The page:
What Dr Google does to our opinion of doctors

The healthcare industry has had a long and troubled history with ‘Dr Google’.  On one hand, it’s great that we are empowered and enabled in finding out more information about our health and wellbeing, but on the other, the information we find can often do more harm than good, turning us into a nation of hypochondriacs.

A recent paper suggests that the problems could run deeper than that.  It explored how the information we find online influences our perception of the diagnosis given us by our doctor.

Trusted advice

The study recruited participants from Mechanical Turk, with each of them presented with a short vignette featuring a child who “has had a rash and worsening fever for 3 days.”  The participants, who each had a child of their own, were then split into groups.

One group received a screen shot of information gleaned from the web describing symptoms of scarlet fever, a disease that causes rashes and fever.  It’s a serious disease, and unless treated, it can quickly worsen, and in some instances result in heart damage.

A second group received similar information, but this time relating to Kawasaki disease, which occurs when blood vessels become inflamed throughout the body.  It too is accompanied by fever and rashes, and again rapid treatment is necessary to prevent life-threatening complications.

The final group acted as the control group and received no information from the web at all.

After receiving different sets of information, all of the participants were then given the diagnosis of the doctor, which was that the child had scarlet fever.  What’s interesting however is that the faith in that verdict varied considerably between the three groups.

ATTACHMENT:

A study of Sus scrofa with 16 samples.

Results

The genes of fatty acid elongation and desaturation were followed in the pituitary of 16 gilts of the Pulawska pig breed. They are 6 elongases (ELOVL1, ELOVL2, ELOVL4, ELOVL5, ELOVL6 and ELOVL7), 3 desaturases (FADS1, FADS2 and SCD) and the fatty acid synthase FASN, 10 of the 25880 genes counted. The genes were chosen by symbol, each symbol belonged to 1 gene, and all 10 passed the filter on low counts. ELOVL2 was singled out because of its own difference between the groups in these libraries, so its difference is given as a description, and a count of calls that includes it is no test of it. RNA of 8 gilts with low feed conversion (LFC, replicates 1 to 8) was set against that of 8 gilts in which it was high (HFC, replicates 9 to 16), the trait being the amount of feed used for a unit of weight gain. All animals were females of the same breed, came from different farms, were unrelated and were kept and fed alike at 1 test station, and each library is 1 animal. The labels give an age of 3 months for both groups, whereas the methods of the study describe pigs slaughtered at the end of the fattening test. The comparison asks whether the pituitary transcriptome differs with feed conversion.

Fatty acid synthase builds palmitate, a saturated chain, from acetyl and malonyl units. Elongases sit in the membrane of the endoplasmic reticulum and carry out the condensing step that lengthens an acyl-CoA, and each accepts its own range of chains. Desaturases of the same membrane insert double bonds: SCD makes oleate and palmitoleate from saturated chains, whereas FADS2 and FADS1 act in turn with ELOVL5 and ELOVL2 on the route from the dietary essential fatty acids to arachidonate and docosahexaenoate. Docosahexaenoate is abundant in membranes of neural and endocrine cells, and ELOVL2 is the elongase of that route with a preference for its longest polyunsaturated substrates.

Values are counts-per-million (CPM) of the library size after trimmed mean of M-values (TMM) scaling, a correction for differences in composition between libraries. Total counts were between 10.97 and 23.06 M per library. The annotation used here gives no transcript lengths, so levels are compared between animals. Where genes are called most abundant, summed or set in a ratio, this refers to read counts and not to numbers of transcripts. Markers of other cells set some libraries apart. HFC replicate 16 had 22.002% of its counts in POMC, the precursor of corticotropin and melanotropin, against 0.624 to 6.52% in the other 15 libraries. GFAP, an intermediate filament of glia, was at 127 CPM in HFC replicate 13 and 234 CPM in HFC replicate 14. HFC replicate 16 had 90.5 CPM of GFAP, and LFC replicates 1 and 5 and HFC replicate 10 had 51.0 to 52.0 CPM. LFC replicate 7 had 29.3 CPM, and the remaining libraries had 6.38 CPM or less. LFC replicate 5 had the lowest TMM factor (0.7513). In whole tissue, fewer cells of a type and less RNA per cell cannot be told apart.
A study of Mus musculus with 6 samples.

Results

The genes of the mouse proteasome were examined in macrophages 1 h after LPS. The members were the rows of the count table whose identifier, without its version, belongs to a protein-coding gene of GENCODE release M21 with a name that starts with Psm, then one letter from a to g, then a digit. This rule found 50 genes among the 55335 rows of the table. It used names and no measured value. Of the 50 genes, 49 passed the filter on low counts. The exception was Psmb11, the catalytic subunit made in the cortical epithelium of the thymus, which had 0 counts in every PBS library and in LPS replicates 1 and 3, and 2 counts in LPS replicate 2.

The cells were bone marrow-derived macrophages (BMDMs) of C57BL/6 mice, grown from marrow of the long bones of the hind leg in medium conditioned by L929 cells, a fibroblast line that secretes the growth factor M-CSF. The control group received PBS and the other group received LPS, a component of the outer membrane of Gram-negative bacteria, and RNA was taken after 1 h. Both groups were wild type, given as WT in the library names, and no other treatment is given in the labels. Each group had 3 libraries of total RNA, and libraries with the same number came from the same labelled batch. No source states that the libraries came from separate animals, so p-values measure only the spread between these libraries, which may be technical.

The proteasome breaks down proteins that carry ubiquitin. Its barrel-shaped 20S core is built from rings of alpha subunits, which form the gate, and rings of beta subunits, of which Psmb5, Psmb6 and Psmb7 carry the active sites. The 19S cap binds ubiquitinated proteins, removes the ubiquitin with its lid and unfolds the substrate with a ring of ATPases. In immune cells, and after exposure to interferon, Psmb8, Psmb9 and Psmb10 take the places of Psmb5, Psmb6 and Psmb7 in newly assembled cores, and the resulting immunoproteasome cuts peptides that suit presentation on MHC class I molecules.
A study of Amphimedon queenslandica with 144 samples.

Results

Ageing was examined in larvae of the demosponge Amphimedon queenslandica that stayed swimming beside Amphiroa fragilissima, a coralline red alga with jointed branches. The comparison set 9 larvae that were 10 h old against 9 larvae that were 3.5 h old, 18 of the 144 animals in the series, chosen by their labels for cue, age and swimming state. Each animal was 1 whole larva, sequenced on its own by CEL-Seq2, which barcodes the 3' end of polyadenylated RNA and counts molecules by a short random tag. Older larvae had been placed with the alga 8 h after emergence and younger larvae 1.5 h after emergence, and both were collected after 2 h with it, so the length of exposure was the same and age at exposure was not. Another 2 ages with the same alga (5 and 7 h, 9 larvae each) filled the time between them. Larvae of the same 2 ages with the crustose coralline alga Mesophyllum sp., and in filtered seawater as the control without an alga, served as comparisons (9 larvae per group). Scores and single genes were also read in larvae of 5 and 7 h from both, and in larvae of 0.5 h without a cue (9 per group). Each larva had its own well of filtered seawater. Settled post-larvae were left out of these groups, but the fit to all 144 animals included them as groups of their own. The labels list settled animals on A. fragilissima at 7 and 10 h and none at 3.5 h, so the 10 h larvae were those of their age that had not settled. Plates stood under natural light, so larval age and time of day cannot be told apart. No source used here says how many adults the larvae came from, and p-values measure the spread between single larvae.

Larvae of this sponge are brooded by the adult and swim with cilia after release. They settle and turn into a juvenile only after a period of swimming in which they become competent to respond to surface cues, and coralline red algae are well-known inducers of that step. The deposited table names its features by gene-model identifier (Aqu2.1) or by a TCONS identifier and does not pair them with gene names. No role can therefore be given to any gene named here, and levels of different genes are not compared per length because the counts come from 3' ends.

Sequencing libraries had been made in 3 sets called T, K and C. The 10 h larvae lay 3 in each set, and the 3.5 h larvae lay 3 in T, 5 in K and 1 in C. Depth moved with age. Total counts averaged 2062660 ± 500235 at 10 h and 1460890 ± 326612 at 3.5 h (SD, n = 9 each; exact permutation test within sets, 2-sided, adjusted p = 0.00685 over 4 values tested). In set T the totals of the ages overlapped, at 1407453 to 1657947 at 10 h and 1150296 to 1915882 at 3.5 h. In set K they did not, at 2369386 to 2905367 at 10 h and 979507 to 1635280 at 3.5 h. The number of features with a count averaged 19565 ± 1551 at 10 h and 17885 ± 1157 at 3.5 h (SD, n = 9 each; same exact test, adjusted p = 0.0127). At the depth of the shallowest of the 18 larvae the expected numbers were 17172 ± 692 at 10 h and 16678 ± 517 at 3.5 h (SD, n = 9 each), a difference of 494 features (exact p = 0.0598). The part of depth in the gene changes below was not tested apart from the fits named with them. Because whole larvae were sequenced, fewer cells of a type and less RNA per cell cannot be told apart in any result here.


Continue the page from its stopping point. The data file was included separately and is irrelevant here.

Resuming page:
In the control group, 81% of patients trusted the diagnosis, whilst 90.5% of those whose ‘research’ had agreed with the doctor did so.  However, when the research differed from the diagnosis of the doctor, the trust plummeted to just 61%, with roughly the same number suggesting they would seek a second opinion.

Compromising trust

The authors believe their findings highlight a significant weakness in the availability of information online, and its impact on the trust between doctor and patient.

“The internet is a powerful information tool, but it is limited by its inability to reason and think,” they say. “Simply entering a collection of symptoms in a search engine may not reflect the actual medical situation at hand. These computer-generated diagnoses may mislead patients or parents and cause them to question their doctors’ medical abilities and seek a second opinion, thereby delaying treatment.”

What is interesting is quite how this might unfold given the spread of AI based symptom checkers onto the market.  The recent panel I sat on at Health 2.0 had numerous symptom checkers on display, and whilst they all claim to offer fair and accurate diagnoses, their impact upon the patient-doctor relationship remains largely unexplored.

We are only going to be more likely to turn to digital tools as a first port of call when we suffer health issues, so it’s perhaps an issue that needs examining sooner rather than later.